10/13/2005 this is the same Governor that said he can't prevent the minutemen on the border....now he wants the National Guard on the border????? Posse Commitatus violation....big time....
- Perry shifts $10 million to sheriffs on border
AUSTIN -- Border sheriffs will get nearly $10 million in state grants to implement a new border security plan, Gov. Rick Perry said Wednesday.
"With more than 1,200 miles of border shared with Mexico, Texas is clearly at the center of the important debate about how best to secure our border," Perry said.
The grant money will support Operation Linebacker, a plan by the Texas Border Sheriff's Coalition to place more deputies along the border and beef up security. Perry's six-point plan also includes money for technology and disaster response. Some local officials, though, worry the plan could trample the civil rights of border residents.
Although Perry has repeatedly said border security is a federal responsibility, he said Texas can't wait for Congress to take action. His spokesman, Robert Black, said the governor plans a trip Friday to El Paso to discuss border security.
When border sheriffs unveiled the plan last month, they said it would cost about $30 million over the first year and called on Congress to ante up.
The $9.7 million from state grants would allow sheriffs to hire more deputies, pay for additional overtime and fund more investigators to stem violent crime in border areas.
Local lawmakers and migrant advocates said Perry's plan would not reduce illegal immigration or increase security. They worried it would worsen racial profiling and violate Texans' rights.
"The reality is, unless we put a wall up between Mexico and the U.S., until immigration laws are reformed so people can come here legally, none of this is going to make us safe," said Ouisa Davis, executive director of Diocesan Migrant & Refugee Services.
Texas Sen. Eliot Shapleigh, D-El Paso, said Perry's plan and those like U.S. Sen. Kay Bailey Hutchison, R-Texas, introduced last week to allow local police officers to patrol the border area prick memories of a sad, racist legacy. Shapleigh said the police officers will be unfamiliar with and unequipped to deal with the unique Texas border culture.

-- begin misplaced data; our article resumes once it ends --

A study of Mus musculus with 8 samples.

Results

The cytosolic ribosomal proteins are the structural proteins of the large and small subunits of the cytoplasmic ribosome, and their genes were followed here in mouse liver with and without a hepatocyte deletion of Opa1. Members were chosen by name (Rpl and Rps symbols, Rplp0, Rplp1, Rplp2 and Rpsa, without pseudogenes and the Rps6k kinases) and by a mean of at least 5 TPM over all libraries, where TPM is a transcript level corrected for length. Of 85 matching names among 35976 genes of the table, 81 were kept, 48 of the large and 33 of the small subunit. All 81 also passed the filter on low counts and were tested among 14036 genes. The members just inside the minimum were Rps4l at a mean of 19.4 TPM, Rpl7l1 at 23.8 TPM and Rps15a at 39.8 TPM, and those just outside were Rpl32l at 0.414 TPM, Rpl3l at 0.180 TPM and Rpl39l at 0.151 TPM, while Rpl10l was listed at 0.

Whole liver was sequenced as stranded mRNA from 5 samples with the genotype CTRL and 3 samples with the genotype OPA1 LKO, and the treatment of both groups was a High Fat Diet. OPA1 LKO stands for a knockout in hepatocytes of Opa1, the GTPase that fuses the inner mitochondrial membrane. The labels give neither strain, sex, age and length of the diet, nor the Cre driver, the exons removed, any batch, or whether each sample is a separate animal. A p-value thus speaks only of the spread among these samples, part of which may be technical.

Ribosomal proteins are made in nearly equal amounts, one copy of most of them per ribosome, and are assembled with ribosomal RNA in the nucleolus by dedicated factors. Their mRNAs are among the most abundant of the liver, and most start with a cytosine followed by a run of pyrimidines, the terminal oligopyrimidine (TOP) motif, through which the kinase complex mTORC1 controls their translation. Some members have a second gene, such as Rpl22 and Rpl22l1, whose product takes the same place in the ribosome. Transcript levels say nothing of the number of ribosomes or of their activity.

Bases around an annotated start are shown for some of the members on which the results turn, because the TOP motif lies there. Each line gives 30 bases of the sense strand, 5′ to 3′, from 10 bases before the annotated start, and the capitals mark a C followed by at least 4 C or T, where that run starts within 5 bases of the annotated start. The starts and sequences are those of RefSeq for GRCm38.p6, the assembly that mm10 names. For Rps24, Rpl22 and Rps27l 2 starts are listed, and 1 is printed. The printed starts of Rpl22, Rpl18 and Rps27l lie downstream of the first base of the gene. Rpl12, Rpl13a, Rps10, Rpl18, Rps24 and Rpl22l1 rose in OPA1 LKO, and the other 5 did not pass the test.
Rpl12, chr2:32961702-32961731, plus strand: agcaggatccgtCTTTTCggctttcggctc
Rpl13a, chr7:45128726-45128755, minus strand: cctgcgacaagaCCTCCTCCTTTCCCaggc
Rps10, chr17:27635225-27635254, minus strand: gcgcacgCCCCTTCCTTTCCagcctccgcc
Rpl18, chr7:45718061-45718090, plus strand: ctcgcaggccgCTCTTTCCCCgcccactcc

"We are, in fact, taking away real constitutional rights of Americans all along the border," Shapleigh said.
El Paso County Sheriff Leo Samaniego is a member of the coalition and helped develop the plan, but he refused to comment Wednesday on how it would be implemented locally.
"This money is going to be well spent," Zapata County Sheriff Sigifredo Gonzalez said, adding that the money was available to the coalition immediately, and sheriffs would use the money to pay officers overtime for border patrol within the next two weeks.
Gonzalez said Congress must provide about $21 million for the operation to be successful. Kira Maas, a spokeswoman for U.S. Rep. Sylvestre Reyes, D-El Paso, said he is working with U.S. Rep. John Culberson, R-Houston, on legislation that would provide that money.
The governor's plan also calls for the Texas Department of Public Safety to form four teams of 50 troopers to be deployed during border emergencies and to assign 54 criminal investigators to the border region.
Perry also said state legislators should approve legislation allowing investigators to use wiretaps more often to help track and dismantle groups that support terrorism and violent crime.
Brandi Grissom may be reached at bgrissom@ elpasotimes.com; (512) 479-6606.